In 1937 Margaret Mack was the Launceston General Hospital’s only physiotherapist when a polio
epidemic swept Northern Tasmania.
Within months Miss Mack had recruited nine physiotherapists from around Australia to identify and treat the 500 possible polio cases in the North.
Miss Mack’s life-changing contribution to children with disability was recognised when she was inducted onto to the Tasmanian Honour Roll of Women.
Before enlisting for active service in WWII in 1939, Miss Mack managed the establishment of St Giles’ therapy services.
She was nominated for the Honour Roll by former colleague and friend Anne Taylor.
Miss Mack's niece - Judy Drysdale - accepted the honour from Human Services Minister Cassy O'Connor at the Launceston Country Club on March 11.
Also attending the function were retired physio Maxine Green, APA's Libby Cohen, Miss Mack's god-daughter Ann Chisholm and Miss Mack's right-hand lady Marsi Biffin.
Long-serving board member Arthur Dobson and St Giles CEO Ian Wright also attended.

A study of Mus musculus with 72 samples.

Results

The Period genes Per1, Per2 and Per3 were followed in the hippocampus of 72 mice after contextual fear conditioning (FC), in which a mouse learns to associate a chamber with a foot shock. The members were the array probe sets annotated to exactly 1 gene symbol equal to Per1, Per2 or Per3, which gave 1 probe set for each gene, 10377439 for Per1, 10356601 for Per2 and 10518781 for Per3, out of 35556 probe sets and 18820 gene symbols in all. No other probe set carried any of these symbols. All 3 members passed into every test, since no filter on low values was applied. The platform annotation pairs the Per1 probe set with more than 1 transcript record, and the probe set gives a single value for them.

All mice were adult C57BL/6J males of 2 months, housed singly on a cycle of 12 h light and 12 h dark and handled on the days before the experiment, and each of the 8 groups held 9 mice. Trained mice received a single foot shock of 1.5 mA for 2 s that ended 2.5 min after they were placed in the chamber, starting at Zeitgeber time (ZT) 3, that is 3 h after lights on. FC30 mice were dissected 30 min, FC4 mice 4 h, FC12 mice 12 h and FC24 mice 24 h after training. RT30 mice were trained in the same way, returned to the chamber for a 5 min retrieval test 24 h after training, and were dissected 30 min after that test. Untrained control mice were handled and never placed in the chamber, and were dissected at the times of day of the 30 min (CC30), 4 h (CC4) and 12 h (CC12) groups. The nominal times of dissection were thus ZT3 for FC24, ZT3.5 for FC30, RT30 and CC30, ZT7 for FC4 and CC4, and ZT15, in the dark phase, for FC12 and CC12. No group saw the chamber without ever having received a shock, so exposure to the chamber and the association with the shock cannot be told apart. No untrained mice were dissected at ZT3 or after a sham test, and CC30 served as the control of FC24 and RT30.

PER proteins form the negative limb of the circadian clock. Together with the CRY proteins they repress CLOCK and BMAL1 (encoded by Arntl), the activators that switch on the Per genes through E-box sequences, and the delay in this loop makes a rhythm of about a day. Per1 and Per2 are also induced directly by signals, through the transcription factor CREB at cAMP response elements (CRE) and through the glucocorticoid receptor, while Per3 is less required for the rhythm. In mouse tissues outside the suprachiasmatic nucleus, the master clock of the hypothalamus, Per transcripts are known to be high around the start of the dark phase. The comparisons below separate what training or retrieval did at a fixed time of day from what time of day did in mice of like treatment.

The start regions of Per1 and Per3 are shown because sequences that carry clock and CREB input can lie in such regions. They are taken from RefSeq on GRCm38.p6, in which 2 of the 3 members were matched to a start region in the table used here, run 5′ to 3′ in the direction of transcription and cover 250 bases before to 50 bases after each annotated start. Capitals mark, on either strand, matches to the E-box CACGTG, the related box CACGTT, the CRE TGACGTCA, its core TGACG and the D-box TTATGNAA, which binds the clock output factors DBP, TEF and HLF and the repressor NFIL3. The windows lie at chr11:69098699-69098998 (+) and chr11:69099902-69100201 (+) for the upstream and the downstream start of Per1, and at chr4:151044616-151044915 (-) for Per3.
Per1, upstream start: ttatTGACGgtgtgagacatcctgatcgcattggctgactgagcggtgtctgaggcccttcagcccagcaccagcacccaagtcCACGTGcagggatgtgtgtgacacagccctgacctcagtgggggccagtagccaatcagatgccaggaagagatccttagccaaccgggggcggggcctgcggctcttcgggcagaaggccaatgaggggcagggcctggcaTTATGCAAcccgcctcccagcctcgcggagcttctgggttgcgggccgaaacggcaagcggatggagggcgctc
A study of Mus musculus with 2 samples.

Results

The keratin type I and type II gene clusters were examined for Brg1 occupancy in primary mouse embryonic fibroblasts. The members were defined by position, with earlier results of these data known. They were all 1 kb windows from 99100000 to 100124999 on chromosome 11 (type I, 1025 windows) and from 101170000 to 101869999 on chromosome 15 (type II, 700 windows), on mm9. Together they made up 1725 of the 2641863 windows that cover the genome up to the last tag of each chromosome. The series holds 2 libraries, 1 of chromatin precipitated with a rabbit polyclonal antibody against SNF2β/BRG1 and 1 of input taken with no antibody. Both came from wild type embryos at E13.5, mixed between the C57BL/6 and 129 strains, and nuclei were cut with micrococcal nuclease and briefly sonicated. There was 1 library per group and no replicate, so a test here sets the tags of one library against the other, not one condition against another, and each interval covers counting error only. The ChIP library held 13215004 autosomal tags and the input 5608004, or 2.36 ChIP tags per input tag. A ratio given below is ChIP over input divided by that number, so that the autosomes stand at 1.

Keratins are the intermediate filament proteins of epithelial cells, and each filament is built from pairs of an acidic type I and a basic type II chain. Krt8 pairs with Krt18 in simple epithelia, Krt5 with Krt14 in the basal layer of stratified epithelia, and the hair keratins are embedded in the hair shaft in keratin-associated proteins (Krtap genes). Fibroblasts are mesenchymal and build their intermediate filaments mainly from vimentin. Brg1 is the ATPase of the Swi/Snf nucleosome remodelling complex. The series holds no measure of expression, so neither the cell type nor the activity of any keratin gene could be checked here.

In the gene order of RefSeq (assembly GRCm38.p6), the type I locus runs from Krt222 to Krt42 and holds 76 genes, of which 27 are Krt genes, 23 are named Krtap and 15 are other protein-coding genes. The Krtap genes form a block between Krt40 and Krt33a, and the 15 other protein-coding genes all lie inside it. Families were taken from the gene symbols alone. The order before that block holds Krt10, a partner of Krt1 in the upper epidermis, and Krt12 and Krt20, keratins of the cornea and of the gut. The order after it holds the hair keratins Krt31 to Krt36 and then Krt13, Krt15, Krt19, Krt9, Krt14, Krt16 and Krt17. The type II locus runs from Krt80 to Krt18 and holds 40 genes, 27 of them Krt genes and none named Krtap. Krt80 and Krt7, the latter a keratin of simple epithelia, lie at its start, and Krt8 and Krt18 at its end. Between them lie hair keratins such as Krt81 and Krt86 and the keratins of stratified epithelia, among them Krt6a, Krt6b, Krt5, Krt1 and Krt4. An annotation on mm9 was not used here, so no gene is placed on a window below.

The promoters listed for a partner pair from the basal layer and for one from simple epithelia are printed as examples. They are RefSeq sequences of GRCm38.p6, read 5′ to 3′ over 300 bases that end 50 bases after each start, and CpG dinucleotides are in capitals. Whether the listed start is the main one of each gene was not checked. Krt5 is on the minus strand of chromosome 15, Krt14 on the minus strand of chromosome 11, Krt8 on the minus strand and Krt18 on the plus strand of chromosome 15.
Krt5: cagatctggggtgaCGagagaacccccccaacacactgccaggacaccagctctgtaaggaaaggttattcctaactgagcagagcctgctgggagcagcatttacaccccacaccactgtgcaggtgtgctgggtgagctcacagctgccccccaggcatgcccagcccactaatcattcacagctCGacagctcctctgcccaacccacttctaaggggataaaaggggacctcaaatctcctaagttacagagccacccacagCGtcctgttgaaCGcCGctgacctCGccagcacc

In 1946 Miss Mack returned to Launceston and was appointed to the St Giles Board in 1957.
In 1984 Miss Mack received an OAM for her services to people with disability.
St Giles CEO Ian Wright said Miss Mack was one in a million.
“Miss Mack’s model of putting her patients at the centre of their care was ahead of its time,” Mr Wright said.
In 2011 patient or client-centred services are at the heart of best practice health models.
St Giles and Tasmania benefited greatly from this skilled, forthright and compassionate woman.
Pictured: Anne Taylor (left) and Miss Mack's niece, Judy Drysdale.